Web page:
Jan. 10, 2023
City of Pensacola to Conduct Study of Burial Ground at Miraflores Park
As a result of research following the discovery of human remains at Miraflores Park in June 2021, the City of Pensacola will be conducting a burial ground study of the park’s grounds with a goal of assessing, interpreting and commemorating the site.
The human remains were discovered by a local Boy Scout troop in the crawl space underneath the Boy Scout Building at the park. Local authorities were contacted including the Pensacola Police Department, the District 1 Medical Examiner’s Office, biological anthropologists from the University of West Florida as well as the Florida State Historic Preservation Office and the State Archaeologist. The field investigation indicated that the human remains were associated with historic fill and originated from a historic, disturbed grave context. They were likely disturbed during the construction of the Boy Scout Building in 1934.
Biological anthropologists from the University of West Florida conducted a skeletal analysis that indicated there were two individuals present, one female and likely one male. It has also been determined that the jurisdiction of leading the study of the burial ground is the City of Pensacola.
The investigation determined that the remains are older than 75 years, meaning they are not from a modern, forensic case. Ancestry is difficult to determine with partial skeletal remains but features of the female individual suggest there are traits that align with the various known populations in historic Pensacola such as African, Creole, and European.
Mayor D.C. Reeves has announced the creation of a Community Advisory Group to assist the City of Pensacola in the assessment and future commemoration of Miraflores Park. The City of Pensacola will be working with the Community Advisory Group, partners and community stakeholders as the study moves forward and research continues at the site.
Miraflores Park was originally known as Havana Square before being renamed in 1965 as part of Pensacola’s Fiesta of Five Flags celebration. Ongoing historic research has identified multiple historic documents including newspaper articles, meeting minutes, legal records, and a map indicating that Havana Square was used as a burial ground primarily for people of African American or Creole descent.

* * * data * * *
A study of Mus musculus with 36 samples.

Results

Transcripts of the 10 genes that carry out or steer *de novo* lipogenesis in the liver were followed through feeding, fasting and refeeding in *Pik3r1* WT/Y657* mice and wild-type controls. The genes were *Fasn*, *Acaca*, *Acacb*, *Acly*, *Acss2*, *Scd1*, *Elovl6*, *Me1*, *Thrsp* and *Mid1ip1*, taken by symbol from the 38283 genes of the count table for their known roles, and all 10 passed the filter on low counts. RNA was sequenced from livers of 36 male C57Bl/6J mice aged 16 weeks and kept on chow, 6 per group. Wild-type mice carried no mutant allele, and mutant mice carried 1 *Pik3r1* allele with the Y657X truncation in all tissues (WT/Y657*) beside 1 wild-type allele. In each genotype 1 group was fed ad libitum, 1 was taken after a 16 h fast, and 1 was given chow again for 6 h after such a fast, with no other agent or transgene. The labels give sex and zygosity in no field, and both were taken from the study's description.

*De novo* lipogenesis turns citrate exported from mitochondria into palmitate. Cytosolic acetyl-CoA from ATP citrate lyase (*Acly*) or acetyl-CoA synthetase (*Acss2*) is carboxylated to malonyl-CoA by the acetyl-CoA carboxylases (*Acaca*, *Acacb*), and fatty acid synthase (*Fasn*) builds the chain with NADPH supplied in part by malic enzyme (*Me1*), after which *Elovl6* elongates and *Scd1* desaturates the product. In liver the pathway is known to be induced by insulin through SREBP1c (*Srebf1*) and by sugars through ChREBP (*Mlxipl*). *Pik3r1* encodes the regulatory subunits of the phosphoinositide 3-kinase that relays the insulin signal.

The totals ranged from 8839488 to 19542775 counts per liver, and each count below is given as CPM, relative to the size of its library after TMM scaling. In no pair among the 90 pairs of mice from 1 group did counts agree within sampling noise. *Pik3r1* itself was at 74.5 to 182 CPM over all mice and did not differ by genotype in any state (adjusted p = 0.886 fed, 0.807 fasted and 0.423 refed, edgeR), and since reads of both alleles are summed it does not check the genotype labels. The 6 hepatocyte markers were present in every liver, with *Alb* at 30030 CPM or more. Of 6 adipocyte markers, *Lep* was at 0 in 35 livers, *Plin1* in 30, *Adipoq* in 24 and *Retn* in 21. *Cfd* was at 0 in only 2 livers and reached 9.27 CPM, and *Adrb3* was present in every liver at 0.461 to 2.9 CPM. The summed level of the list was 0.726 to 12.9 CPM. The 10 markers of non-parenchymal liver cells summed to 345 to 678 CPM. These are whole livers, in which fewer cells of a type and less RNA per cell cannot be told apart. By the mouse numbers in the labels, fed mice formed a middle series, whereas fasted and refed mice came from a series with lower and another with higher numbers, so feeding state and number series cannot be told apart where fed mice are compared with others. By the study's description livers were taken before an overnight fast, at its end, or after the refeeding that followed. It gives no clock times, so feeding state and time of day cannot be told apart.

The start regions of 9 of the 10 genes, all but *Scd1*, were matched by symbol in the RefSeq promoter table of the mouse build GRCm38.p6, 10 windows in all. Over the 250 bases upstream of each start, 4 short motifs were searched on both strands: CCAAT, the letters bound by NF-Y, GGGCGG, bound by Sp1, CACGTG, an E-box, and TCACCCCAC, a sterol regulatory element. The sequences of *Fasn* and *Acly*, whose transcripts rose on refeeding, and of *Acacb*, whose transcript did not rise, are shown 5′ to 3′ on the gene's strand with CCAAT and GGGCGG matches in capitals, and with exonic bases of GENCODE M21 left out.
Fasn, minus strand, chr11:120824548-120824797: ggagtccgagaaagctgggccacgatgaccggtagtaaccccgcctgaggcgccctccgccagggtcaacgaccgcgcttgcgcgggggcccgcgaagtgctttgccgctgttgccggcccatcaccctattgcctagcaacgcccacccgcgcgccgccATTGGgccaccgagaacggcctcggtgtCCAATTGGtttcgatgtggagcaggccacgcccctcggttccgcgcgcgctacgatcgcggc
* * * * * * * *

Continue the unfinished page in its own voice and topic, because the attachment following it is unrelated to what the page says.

Moving forward, historic research will continue, along with assembling the Community Advisory Group and exploring options to conduct a ground penetrating radar survey. The noninvasive ground penetrating radar survey will help to determine if other potential burials are present and delineate the boundaries of the potential burial ground for future preservation and protection.
The Community Advisory Group will be tasked with gathering feedback from the community on how they would like to see the park interpreted and commemorated, and to help generate ideas for eventual reinternment of the two individuals. This group will hold public meetings, with opportunities for public input and engagement throughout the process.
Mayor Reeves will announce members of the Advisory Group next week.
Updates about the Miraflores Park Burial Ground Study will be posted on the City of Pensacola's website at cityofpensacola.com/miraflores (webpage link will go live the afternoon of Tuesday, Jan. 10).